Adult Neurogenesis and the Science of New Brain Cell Regeneration

Illustration of a human brain

This belief was fueled, in part, by the fact that certain motor (movement) and cognitive (thought) functions tend to decline the older we get. But should this suggest that it's all downhill once we approach a certain age and that we have no choice but to wait for the inevitable decline?

Brain Cells and the Hippocampus

While the vast majority of our brain's cells are formed while we are in the womb, there are certain parts of the brain that continue to create new neural cells during infancy. Until recent decades, however, the brain’s limited capacity to regenerate triggered the belief that neurogenesis—the birth of new brain cells—ceased soon after this stage.

Recent research has shown otherwise and suggests, in fact, that at least one part of the brain continues to create new cells throughout a person's lifespan.

During the late 1990s, researchers at Rockefellers University in New York City conducted studies in which marmoset monkeys were injected with a tracer chemical that could differentiate between slow-dividing mature brain cells and fast-dividing new ones. What they found was that the hippocampus (a region of the brain associated with memories, learning, and emotions) continued to create new cells without the constraint of age or time.

Later studies using carbon-14 dating (which evaluate the age and process of cellular development) confirmed that cells in the hippocampus, while continually dying, were quickly replaced by new ones. It is only by the formation of these cells that the hippocampus is able to maintain its central functions.

What it also showed us is that the number of new cells, and the frequency by which they are created, begin to decline with age. With that being said, the rate of decline wasn't seen to be consistent and could vary significantly from subject to subject.

What Research Tells Us About the Birth of New Brain Cells

The research is considered important as is suggests that there are factors that can stimulate and inhibit the process of adult neurogenesis. It even hints at possible models for treating degenerative diseases, such as Alzheimer's and Parkinson's diseases, and even reversing damage caused by traumatic brain injury.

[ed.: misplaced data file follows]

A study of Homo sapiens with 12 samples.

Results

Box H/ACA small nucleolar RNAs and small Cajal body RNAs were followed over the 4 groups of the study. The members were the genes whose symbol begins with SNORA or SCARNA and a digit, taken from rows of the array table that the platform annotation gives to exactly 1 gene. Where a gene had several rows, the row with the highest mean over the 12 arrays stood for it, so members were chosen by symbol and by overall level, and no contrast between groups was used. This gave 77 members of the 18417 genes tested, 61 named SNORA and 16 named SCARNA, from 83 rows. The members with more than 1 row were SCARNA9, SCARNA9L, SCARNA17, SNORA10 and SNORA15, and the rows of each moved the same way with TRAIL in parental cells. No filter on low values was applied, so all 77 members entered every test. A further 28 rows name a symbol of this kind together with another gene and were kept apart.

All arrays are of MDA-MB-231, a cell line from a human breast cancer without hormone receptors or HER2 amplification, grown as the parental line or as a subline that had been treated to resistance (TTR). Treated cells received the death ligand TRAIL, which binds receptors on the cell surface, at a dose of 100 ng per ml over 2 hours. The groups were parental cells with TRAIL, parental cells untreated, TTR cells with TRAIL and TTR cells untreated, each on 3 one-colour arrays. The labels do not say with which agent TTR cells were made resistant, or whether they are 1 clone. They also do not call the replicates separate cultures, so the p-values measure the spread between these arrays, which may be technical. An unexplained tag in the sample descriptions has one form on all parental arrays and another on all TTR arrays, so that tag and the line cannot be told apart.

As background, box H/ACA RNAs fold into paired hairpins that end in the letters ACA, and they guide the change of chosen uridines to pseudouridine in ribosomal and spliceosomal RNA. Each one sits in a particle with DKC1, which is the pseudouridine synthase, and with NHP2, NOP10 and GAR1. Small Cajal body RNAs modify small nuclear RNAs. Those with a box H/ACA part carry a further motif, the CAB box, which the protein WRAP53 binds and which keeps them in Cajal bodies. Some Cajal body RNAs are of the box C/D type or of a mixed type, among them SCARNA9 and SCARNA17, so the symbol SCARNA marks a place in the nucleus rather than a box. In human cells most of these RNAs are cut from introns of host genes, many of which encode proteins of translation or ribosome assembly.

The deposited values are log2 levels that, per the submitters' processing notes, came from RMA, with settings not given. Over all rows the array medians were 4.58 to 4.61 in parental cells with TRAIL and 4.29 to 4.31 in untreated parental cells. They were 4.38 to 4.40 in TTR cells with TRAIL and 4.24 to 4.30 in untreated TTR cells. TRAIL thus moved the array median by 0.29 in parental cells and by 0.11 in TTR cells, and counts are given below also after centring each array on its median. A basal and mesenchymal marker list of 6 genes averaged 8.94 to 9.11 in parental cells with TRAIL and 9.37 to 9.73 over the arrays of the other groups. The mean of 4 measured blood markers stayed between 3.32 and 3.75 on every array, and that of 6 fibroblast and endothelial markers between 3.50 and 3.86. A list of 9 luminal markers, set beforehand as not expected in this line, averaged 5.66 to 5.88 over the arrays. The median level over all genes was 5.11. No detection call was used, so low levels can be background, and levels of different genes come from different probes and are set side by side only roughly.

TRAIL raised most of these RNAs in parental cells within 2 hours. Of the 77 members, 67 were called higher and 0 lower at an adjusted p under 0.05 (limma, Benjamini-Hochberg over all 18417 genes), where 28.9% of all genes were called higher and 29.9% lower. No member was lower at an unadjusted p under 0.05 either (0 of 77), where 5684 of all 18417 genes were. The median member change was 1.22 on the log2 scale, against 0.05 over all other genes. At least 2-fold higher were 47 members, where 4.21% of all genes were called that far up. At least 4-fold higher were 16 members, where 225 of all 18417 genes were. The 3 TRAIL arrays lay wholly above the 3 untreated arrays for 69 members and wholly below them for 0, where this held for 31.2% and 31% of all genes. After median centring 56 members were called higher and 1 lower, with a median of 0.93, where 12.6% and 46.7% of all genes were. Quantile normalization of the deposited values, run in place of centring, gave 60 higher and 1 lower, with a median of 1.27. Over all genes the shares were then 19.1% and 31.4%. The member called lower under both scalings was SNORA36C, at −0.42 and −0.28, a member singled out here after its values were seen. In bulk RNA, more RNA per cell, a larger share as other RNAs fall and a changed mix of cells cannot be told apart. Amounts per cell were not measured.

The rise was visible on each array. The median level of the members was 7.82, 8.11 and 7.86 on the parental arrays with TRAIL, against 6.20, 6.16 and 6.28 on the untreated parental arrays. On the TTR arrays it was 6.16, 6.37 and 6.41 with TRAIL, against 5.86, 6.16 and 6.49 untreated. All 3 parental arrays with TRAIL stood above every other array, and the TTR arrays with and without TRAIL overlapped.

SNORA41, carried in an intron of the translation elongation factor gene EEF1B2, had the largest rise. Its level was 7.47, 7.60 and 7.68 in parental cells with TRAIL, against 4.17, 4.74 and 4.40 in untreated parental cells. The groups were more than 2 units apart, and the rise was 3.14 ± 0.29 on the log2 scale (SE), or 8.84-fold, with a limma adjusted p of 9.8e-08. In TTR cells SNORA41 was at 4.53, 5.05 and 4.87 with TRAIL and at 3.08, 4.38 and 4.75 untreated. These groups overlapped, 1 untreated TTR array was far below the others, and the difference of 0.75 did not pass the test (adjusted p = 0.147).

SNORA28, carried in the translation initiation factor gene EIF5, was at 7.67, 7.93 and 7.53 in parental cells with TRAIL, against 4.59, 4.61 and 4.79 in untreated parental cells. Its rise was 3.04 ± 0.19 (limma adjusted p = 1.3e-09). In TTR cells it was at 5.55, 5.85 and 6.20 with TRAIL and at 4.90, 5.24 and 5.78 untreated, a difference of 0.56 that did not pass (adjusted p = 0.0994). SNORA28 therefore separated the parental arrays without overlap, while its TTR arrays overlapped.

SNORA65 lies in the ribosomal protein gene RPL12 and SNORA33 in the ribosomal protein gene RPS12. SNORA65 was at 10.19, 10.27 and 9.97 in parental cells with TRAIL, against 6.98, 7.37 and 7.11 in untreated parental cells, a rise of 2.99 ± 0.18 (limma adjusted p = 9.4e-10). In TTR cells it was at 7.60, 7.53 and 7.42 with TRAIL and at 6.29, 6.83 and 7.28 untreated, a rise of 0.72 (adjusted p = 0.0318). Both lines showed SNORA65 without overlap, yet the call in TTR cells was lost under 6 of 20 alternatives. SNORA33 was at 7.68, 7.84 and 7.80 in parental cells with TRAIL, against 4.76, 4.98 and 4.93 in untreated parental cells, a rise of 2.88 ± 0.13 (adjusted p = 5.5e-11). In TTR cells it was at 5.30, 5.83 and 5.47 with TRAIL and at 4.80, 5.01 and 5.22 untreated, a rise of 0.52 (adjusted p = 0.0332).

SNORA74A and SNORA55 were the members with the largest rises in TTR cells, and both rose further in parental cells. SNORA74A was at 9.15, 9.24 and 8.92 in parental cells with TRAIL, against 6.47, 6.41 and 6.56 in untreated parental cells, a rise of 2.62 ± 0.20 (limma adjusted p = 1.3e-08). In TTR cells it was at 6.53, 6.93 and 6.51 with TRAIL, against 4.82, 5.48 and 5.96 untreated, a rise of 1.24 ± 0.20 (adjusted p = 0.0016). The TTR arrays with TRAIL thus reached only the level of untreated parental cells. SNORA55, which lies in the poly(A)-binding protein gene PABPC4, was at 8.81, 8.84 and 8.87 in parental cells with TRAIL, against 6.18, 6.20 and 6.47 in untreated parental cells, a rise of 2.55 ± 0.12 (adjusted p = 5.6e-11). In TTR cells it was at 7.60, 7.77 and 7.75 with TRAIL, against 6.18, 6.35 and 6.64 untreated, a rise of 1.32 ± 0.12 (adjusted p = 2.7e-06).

In some ways, the findings were neither surprising nor unexpected. Despite debate to the contrary, our very ability to form lasting memories and store information over long periods of time serves as evidence of this renewal process. Today, we recognize that adult neurogenesis is not only possible, but it is also a routine biological occurrence.

Factors That Influence Adult Neurogenesis

While we're still years away from pinpointing the mechanisms of adult neurogenesis, we are starting to identify certain factors that may "amp up" the process.

One of them is exercise. Early animal research conducted by scientists at the University of Chicago found that aerobic exercise led to both an increase in cell production in the hippocampus and increases in the amount of genetic information being encoded. What this tells us is that not only does the function of the brain improve, the cells themselves are better able to store information for learning and memory.

The findings were supported by research from the University of Pennsylvania which in 2010 reported that aerobic exercise among 120 older adults increased the actual size of the hippocampus by two percent and effectively reversed the aging-related cell loss by one to two years.

In addition to exercise, scientists have found that enriched learning environments can also contribute to the survival of old cells and production of new ones. In short, the more you exercise your brain, the more you will be able to maintain optimal brain function.

On the flip side, there are factors that directly undermine neurogenesis. Chief among these is age. We know, for example, that by the time many adults reach their 80s, as much as 20 percent of the neural connections in the hippocampus will be lost. Despite exercise and other stimuli, the development of new cells is rarely able to keep up with the loss of old ones.

Much of the focus of future research will likely aim to shift the balance between these gains and losses as we better identify both the external and internal factors that influence adult neurogenesis.